Liz Moniz had solar panels installed in her home in January 2015. She's able to track how much she's saving and how much energy the panels produce.

Liz Moniz had solar panels installed in her home in January 2015. She’s able to track how much she’s saving and how much energy the panels produce. Photo by Seth Thomas. Click to Enlarge.

Drivers will likely see more signs popping up around town instructing the viewer to look up. These arrows point toward solar panels installations, and there have been plenty of these projects in the works recently.

Data on the Town’s solar permits reveal a steady trend over the past five years of homeowners opting for solar panels. In 2013, the number of permits issued for panels was 73. In 2014, that number climbed to 188. Last year, it jumped to 358.

Dartmouth has seen a trend toward sustainability in recent times. An upcoming education center at Round the Bend Farm hopes to teach students about food systems. UMass Dartmouth’s executive chef is growing his own lettuce for students in the winter. The Lloyd Center for the Environment has plans to create the state’s second Living Building Challenge-certified structure.

This story first appeared in Dartmouth Week on January 29th, 2016. It was written by Seth Thomas.

“It’s a definite culture shift in Dartmouth,” said Town Administrator David Cressman. “Probably even before 2009, Dartmouth started to buy into support of sustainable energy and living. I think we’ve shifted into the solar mode, and I think it’s exploded as we can see in the last year.”

These trends in Dartmouth match trends happening elsewhere in Massachusetts. According to state data, there were 67,348 residential panel installations in 2014. Last year, that number climbed to 130,338.

“Residents, businesses, municipalities and state agencies have created tremendous solar growth across the Commonwealth,” said Department of Energy Resources Commissioner Judith Judson in an emailed response. “With prices coming down and easy access to low interest loans through our Mass Solar Loan program, we expect that individuals and families will continue to invest in clean energy options like solar.”

For Liz Moniz, a resident of North Dartmouth, solar panels were a no brainer for her and her spouse. She said that, as an employee of The Lloyd Center, she tries to find ways to be environmentally conscious. But the savings were a major selling point.

“We bought a home that was built in the ‘80s, and it had some older systems,” said Moniz. “We were trying to update those systems, like the heating and electric, in a way to save money on the front end as a new homeowner.”

“Our electric bill yesterday was negative-ninety-nine dollars,” she added.

Her roof is at a steep pitch, meaning the recent snow storm that hit town rolled off her panels. She said her backyard sees plenty of sun throughout the morning. Solar panels work best on South-facing roofs.

Moniz recommends that anyone interested in panels shop around first. She consulted with three companies before settling on a pay-to-own model through Real Goods Solar.

“We don’t pay the utility for electric, but we are paying our panel debt because we want to own the panels eventually,” said Moniz. “Not everybody does that. We saw an opportunity that, when our panels are paid off in ten years, all of the money comes to us.”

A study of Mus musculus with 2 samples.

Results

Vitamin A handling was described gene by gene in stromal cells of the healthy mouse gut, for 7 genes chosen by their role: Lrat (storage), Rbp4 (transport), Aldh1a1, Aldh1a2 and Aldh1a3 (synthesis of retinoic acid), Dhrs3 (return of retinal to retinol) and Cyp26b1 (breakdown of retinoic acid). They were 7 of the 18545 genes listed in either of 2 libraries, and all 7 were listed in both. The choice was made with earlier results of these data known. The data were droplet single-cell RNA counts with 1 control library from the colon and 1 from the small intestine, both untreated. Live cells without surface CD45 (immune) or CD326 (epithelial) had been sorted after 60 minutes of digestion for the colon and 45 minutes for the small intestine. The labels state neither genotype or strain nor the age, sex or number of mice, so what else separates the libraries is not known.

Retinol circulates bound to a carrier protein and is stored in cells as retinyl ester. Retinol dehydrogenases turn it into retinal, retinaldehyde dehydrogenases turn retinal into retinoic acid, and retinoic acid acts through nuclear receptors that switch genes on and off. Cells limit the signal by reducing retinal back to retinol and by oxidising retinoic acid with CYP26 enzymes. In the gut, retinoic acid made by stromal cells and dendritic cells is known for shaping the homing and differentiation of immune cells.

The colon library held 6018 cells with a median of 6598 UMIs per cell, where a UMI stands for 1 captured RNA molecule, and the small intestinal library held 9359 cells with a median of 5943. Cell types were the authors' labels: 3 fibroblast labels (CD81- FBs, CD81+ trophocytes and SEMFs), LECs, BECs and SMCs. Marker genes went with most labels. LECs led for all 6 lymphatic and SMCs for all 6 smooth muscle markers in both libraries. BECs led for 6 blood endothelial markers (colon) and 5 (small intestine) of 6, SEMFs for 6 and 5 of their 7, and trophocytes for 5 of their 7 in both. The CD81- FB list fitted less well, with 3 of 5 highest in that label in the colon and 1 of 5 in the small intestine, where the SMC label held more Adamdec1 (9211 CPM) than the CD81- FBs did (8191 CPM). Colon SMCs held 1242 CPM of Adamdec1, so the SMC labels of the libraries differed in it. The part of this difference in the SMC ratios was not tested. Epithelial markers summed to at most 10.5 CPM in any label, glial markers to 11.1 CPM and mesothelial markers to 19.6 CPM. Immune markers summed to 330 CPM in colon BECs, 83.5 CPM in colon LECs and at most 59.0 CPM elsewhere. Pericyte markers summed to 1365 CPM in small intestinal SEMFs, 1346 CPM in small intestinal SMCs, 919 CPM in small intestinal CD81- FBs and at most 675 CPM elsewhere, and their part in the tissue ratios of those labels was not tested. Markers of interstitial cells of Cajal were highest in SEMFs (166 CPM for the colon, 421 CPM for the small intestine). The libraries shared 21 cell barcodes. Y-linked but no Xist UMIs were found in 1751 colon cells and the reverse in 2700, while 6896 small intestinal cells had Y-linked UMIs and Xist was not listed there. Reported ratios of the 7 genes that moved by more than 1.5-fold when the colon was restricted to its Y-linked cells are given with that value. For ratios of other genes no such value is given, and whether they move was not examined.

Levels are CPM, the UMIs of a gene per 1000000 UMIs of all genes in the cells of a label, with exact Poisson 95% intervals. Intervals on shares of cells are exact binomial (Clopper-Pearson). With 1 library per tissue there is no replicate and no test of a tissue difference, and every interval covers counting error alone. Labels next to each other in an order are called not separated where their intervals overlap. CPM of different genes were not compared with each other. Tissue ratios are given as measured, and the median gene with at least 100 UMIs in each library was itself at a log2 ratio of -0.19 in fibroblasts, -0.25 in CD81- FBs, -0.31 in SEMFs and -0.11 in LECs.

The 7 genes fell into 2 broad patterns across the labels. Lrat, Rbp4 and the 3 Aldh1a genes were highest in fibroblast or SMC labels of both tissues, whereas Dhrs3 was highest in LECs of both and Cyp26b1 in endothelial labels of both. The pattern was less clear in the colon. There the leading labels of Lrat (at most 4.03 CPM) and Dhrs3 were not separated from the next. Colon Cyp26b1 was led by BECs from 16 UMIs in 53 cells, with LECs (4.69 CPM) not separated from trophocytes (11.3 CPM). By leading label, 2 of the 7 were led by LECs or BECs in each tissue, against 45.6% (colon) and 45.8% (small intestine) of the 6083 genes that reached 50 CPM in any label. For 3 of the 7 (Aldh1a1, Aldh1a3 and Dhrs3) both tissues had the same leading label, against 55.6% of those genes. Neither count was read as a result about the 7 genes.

While solar panels have a steep initial cost, the state has several options for customers to help lessen the burden of making the investment. Massachusetts is a state that allows solar panel owners to benefit from Solar Renewable Energy Credits, which enables a utility to take credit for the clean energy produced by the homeowner. These credits can help the homeowner get a return on investment from the panels.

Net metering is another way that customers can save cash. Net metering essentially allows homeowners to run their meters backward. When a solar user produces more energy than needed for a household, the meter runs backward and the customer receives a credit. At the end of the month, if there is a net credit, that credit is applied to the utility bill, and it’s roughly equal to the retail rate of energy.

Those credits carry over from month. Customers will likely generate more credits during the summer and use the credits in the winter when the system is producing less.

“You also have federal income tax credits, which are for customers who are looking to buy,” said JP Gerken, vice president of sales at the California-based solar company Sungevity. “If they have the taxable income required, they’re able to take advantage of a thirty percent federal income tax credit.”

As far as leasing is concerned, while it may save homeowners upfront, a study from the Massachusetts Department of Energy Resources found that buying to own leads to more savings over time than leasing.

“Solar is not a one-size [fits all] scenario,” said John Ordoña, vice president of communications with Sungevity. “It depends on the customer’s situation – their usage, their house, their lifestyle. It is important to work with a company that offers you options and flexibility in terms of how to provide you with the solar service that you need specifically.”

While all the options for homeowners may seem staggering, the information users can acquire about their new investment is straightforward. Homeowners can track how much energy the panels are producing and how much they are saving through an app or through computer software.

“One of the things I’ve enjoyed the most about it is, through the system that I have, I’m able to look at my production value,” said Moniz. “I could sign on right now and tell you how much energy I’m producing, [and] how much I produced yesterday. I get instant feedback from my panels, and it’s gratifying to see.”